The cost outlay for a good camera system with extensive storage is dropping daily and new technologies that promise to process all this information continue to emerge.

But although it’s valuable information, it’s also exceedingly time consuming to sift through all the images.

However, like the business intelligence wave of the last decade, visual intelligence promises to revolutionize the way businesses handle visual information.

And although consumer groups are pushing back over privacy concerns, the need to watch over and protect assets outweighs any potential fallout from using visual recording technology.

Cameras are seemingly everywhere and growing in number. They’re placed on entranceways, exits, in front of bathrooms, on loading docks, shopping aisles, in ceilings and every other place you can find people.

Most camera feeds run to a back-office monitoring area or to an offsite monitoring service. In the monitoring rooms, people watch several screens in search of anomalous behaviour.

The problem with manual monitoring is that people miss things – they get tired and they make mistakes. The impact to a business of a monitoring mistake can range from minor to catastrophic.

Manual monitoring can also create a security gap because people can be distracted. A well-timed crisis in camera’s view can be used to distract monitoring from activity in another location.

Some businesses with cameras don’t do real-time monitoring. Instead, videos that are thought to contain key data are reviewed when an incident occurs. There are several problems with this approach: incidents are easily missed, reviewing footage is time consuming and manual review can be very expensive.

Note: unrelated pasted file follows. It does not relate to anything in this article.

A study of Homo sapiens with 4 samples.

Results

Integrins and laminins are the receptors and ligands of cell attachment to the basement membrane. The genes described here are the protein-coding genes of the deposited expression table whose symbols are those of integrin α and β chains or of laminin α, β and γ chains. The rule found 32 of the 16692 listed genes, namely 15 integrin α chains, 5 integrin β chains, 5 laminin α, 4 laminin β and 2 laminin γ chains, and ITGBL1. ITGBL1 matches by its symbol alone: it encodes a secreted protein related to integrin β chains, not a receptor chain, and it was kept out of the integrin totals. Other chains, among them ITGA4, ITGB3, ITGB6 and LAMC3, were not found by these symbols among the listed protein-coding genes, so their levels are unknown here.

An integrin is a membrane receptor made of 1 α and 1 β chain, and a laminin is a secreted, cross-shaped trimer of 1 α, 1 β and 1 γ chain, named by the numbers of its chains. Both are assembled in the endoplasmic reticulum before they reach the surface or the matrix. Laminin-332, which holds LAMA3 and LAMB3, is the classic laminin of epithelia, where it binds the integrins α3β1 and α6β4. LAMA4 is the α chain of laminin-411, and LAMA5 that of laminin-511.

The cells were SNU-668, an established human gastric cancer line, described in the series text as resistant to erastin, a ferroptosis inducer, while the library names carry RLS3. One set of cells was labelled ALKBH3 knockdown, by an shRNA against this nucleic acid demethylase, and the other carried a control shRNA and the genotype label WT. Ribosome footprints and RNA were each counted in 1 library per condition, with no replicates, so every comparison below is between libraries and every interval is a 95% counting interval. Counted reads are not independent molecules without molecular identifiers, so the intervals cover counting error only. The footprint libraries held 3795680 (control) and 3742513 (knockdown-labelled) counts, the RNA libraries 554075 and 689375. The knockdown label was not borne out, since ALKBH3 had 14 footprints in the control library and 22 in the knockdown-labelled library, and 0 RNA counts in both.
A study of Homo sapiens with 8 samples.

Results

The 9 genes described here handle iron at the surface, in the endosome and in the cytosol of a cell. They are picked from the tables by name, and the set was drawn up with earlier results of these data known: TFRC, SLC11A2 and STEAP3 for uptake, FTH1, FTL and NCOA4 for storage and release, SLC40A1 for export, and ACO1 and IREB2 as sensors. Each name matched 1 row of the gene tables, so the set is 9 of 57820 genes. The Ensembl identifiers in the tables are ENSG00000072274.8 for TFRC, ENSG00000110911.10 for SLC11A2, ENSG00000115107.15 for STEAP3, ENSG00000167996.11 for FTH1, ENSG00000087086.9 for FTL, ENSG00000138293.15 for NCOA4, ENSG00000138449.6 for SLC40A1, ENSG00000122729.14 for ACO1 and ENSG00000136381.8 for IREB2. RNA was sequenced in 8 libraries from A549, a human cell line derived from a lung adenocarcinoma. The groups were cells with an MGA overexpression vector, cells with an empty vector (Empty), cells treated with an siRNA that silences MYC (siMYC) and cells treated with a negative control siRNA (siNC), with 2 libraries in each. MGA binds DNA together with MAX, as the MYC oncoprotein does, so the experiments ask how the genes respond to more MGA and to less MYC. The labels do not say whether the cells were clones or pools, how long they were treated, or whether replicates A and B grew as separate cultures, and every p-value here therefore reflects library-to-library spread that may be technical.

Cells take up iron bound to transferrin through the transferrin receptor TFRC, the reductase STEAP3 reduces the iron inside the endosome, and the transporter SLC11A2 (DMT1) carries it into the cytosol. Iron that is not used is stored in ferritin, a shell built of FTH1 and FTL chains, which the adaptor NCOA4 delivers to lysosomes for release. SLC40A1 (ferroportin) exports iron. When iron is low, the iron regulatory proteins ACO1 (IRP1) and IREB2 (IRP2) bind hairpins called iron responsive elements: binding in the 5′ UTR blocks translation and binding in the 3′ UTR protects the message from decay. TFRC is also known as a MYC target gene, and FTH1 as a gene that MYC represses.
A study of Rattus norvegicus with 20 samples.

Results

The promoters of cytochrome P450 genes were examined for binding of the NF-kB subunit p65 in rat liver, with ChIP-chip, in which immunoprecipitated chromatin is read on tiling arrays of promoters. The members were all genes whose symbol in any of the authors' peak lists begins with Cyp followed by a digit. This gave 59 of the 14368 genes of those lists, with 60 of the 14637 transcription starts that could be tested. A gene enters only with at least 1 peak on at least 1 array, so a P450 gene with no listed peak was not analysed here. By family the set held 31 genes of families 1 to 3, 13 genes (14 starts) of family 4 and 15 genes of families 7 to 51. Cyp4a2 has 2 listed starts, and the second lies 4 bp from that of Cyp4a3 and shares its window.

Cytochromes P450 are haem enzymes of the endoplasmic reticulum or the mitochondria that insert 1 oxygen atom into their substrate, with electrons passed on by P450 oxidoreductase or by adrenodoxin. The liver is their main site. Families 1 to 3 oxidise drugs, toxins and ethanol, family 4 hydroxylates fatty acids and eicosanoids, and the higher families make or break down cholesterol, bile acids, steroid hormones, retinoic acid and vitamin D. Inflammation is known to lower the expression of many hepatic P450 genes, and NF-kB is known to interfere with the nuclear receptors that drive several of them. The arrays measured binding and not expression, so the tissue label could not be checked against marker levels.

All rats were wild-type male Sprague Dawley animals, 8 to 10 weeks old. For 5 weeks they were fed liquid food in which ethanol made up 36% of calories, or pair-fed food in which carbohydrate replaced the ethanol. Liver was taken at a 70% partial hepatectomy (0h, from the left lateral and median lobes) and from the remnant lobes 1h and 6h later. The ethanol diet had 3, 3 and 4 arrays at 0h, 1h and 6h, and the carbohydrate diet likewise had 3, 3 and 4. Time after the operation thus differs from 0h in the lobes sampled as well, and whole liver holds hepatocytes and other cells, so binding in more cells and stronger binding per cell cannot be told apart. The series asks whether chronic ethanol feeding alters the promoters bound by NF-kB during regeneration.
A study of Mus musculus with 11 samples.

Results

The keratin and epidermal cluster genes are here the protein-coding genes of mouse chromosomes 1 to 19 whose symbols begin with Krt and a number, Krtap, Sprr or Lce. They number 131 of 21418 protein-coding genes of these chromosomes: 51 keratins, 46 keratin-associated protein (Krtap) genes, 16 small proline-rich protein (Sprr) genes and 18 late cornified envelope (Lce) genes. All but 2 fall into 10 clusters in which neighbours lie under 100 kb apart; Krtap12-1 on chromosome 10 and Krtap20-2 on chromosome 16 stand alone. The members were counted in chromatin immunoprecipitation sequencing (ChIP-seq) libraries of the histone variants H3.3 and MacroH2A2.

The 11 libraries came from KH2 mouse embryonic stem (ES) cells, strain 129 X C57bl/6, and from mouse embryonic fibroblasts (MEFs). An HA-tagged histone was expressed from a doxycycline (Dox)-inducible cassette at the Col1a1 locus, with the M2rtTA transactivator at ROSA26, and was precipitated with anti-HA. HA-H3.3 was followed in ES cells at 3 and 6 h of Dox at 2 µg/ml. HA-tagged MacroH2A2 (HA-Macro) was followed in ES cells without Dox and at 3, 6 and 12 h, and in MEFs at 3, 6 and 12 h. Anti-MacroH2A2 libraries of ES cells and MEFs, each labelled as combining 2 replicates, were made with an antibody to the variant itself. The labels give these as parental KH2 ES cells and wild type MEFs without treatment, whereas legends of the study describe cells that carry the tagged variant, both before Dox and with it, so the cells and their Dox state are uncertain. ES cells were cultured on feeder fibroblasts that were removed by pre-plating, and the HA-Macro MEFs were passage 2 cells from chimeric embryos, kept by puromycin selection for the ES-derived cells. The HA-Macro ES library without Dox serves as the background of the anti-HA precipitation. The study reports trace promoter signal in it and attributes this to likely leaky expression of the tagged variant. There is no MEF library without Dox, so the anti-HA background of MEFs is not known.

The alternative is to employ visual intelligence.

Visual intelligence, an emerging technology, has become incredibly effective in recent years due to advances in artificial intelligence, in machine learning and in the computing hardware that runs intelligence processes. Some of the applications include face identification, incident recognition, behaviour monitoring, object identification and even face or activity prediction.

There are obvious advantages over manual processes:

  • costs can be considerably reduced;
  • recognition can be performed continuously;
  • recognition systems can’t be distracted;
  • analytical intelligence can be performed in ways that exceed human capacity.

One application of visual intelligence is implementing do-not-allow policies.

In retail stores, banks, secure buildings and other high-security areas, guards are often used to watch for known individuals who shouldn’t be allowed entrance. But guards have limited and inefficient memories and are easily distracted.

Shrinkage (theft) costs retail businesses in North America over $45 billion annually and retail stores are looking for ways to reduce that financial burden.

Face recognition systems have been used effectively in these environments to identify, in real time, individuals who shouldn’t be allowed entrance or at least monitored carefully.

Behaviour recognition can also detect and predict actions in real time.

In long-term care facilities, patients fall when unsupervised. And in unmonitored public areas, vandals and graffiti artists can quickly damage a building, requiring costly repairs.

Behaviour recognition technology can detect when these actions are about to happen and immediately send specific messages to appropriate individuals to manage such situations.

Visual intelligence is a growing trend in the retail, security and health industries. The technology is effective and business owners are finding many more applications daily.

Bruce Matichuk is an artificial intelligence specialist and the chief technology officer of AiDANT Intelligent Technology, developer of AiDANT Recognition, a visual intelligence system.